The United Nations humanitarian affairs chief has just issued an urgent appeal to the entire international community concerning the situation in Sudan. The war, which began in mid-April, is taking on worrying proportions and spreading across the country. Fighting between the Sudanese Armed Forces (SAF) and the paramilitary Rapid Support Forces (RSF) has already resulted in the internal displacement of over 3.6 million people, while almost a million have fled across borders. A prolonged conflict in Sudan could wipe out the country and tip the region into a humanitarian catastrophe. The humanitarian appeal for 2023 amounted to $55 billion, of which only 27.6% has been received.
In a short statement, the United Nations Under-Secretary-General for Humanitarian Affairs and Emergency Relief Coordinator at the Office for the Coordination of Humanitarian Affairs (OCHA), Martin Griffith, expressed his deepest concern about the evolution of the conflict in Sudan.
Lack of food
"The intense fighting that has ravaged the capital Khartoum and Darfur has spread to Kordofan. In the capital of South Kordofan, Kadugli, food stocks have been completely depleted, while clashes and roadblocks are preventing humanitarian workers from reaching the starving. In the capital of West Kordofan, El Fula, humanitarian offices have been ransacked and supplies looted". The UK is also very concerned about the safety of civilians in Al Jazira State, as the conflict closes in on Sudan's breadbasket.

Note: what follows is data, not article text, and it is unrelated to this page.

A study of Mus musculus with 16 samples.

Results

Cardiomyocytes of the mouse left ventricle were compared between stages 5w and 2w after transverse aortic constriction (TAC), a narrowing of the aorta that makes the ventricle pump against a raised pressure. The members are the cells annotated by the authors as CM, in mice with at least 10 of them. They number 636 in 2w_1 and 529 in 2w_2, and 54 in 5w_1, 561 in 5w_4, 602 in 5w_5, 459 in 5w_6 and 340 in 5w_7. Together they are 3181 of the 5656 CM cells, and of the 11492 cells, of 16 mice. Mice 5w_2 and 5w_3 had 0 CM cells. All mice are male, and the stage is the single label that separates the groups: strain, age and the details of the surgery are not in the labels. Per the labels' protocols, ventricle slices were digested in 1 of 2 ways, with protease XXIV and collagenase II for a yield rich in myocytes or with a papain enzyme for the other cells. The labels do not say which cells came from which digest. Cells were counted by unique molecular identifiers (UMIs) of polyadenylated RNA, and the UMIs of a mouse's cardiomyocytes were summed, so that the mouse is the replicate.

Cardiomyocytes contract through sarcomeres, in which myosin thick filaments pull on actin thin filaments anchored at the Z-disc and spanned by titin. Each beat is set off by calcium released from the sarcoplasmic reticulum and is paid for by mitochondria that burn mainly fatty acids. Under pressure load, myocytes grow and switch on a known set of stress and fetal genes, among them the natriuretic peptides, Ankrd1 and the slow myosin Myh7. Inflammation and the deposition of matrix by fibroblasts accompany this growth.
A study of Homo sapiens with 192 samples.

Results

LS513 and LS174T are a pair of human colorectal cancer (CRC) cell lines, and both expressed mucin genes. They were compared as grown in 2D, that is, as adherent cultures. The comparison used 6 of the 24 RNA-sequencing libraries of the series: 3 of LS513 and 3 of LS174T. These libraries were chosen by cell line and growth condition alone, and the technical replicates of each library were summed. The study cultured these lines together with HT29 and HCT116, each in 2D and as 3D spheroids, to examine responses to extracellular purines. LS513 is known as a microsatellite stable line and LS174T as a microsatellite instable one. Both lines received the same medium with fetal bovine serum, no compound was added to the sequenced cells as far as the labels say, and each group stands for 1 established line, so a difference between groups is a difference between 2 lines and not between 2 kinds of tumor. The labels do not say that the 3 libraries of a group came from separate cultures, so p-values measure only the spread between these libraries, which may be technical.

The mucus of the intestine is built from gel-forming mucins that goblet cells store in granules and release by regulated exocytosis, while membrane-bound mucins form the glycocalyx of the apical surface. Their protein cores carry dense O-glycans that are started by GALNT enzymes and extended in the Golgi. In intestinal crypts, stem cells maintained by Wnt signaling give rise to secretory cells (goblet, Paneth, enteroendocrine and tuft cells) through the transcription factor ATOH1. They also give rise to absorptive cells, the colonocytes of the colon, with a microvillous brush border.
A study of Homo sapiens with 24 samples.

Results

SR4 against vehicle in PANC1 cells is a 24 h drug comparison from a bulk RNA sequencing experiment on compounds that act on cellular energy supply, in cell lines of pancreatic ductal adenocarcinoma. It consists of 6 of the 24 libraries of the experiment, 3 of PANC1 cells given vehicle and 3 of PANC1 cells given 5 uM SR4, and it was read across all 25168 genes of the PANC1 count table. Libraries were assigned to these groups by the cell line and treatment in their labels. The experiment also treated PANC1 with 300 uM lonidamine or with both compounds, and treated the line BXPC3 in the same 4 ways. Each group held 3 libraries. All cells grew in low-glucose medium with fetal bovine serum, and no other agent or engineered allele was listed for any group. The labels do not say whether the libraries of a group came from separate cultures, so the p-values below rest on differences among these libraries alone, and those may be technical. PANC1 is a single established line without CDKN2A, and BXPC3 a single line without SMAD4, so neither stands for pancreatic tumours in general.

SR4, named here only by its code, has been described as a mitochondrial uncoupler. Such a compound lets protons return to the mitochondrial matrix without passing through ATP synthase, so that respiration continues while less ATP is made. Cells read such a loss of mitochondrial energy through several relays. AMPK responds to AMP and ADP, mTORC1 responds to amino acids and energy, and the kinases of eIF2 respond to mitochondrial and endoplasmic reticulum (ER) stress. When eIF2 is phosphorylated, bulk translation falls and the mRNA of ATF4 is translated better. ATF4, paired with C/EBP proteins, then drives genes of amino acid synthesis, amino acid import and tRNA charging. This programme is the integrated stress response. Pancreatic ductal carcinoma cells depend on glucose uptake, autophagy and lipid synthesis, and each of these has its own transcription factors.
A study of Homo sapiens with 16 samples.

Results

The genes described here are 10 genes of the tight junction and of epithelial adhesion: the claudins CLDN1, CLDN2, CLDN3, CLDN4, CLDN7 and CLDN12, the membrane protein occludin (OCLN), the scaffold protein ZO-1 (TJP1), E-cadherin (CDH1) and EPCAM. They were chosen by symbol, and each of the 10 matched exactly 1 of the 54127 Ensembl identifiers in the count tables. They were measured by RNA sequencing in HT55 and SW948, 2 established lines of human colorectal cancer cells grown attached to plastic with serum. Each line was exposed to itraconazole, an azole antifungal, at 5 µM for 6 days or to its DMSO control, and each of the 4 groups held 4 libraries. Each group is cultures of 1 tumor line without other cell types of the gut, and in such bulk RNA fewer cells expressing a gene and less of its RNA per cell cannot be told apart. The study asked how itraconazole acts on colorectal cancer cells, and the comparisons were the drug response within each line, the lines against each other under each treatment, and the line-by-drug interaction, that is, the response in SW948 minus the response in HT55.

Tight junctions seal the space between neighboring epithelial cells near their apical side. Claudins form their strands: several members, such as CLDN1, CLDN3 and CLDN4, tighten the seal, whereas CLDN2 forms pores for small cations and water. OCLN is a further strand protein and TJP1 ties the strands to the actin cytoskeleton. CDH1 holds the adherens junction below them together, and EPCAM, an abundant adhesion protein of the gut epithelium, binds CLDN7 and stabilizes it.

Running for your life
According to the latest UN figures, more than 3.6 million people have fled within Sudan to escape the fighting. Nearly a million others have fled beyond its borders, particularly to Chad and Egypt, but also to the Central African Republic, Ethiopia and Southern Sudan. Host communities are now in dire straits. A prolonged conflict in Sudan could tip the entire region into a humanitarian catastrophe. According to the head of OCHA, "a long-lasting conflict will certainly result in the loss of a generation of children, as millions will be denied access to education, suffer trauma and bear the physical and psychological scars of war". James Elder, spokesman for the United Nations Children's Fund (UNICEF), said that two million children had been displaced since the start of the conflict. Reports of children being used in the fighting are worrying the heads of several UN agencies.
After four months of conflict in Sudan, insecurity and limited access to medicines, medical supplies, electricity and water continue to pose a problem for health care in states directly affected by the conflict. Medical facilities located in areas not affected by the fighting are overwhelmed by the influx of displaced people and the lack of equipment. According to the Preliminary Committee of the Sudanese Doctors' Union, 67% (60 out of 89) of the main hospitals in the affected regions, such as Khartoum, Kordofan and Darfur, were completely out of service on May 31.
Risk of epidemics
With the onset of the rainy season, there is an increased risk of epidemics of water-borne diseases. Cases of severe acute malnutrition, dengue fever, measles and acute watery diarrhoea have been reported in various states. In addition, between April 15 and August 11, 53 attacks on medical facilities were recorded, resulting in 11 deaths and 38 injuries. The World Health Organization (WHO) condemns in the strongest possible terms the multiplication of these acts and the occupation of health facilities.
Imperative need for funds
OCHA's spokesman in Geneva, Jens Laerke, pointed out that a vast humanitarian appeal for $2.6 billion had been launched, and that 26% of it ($666 million) was currently funded.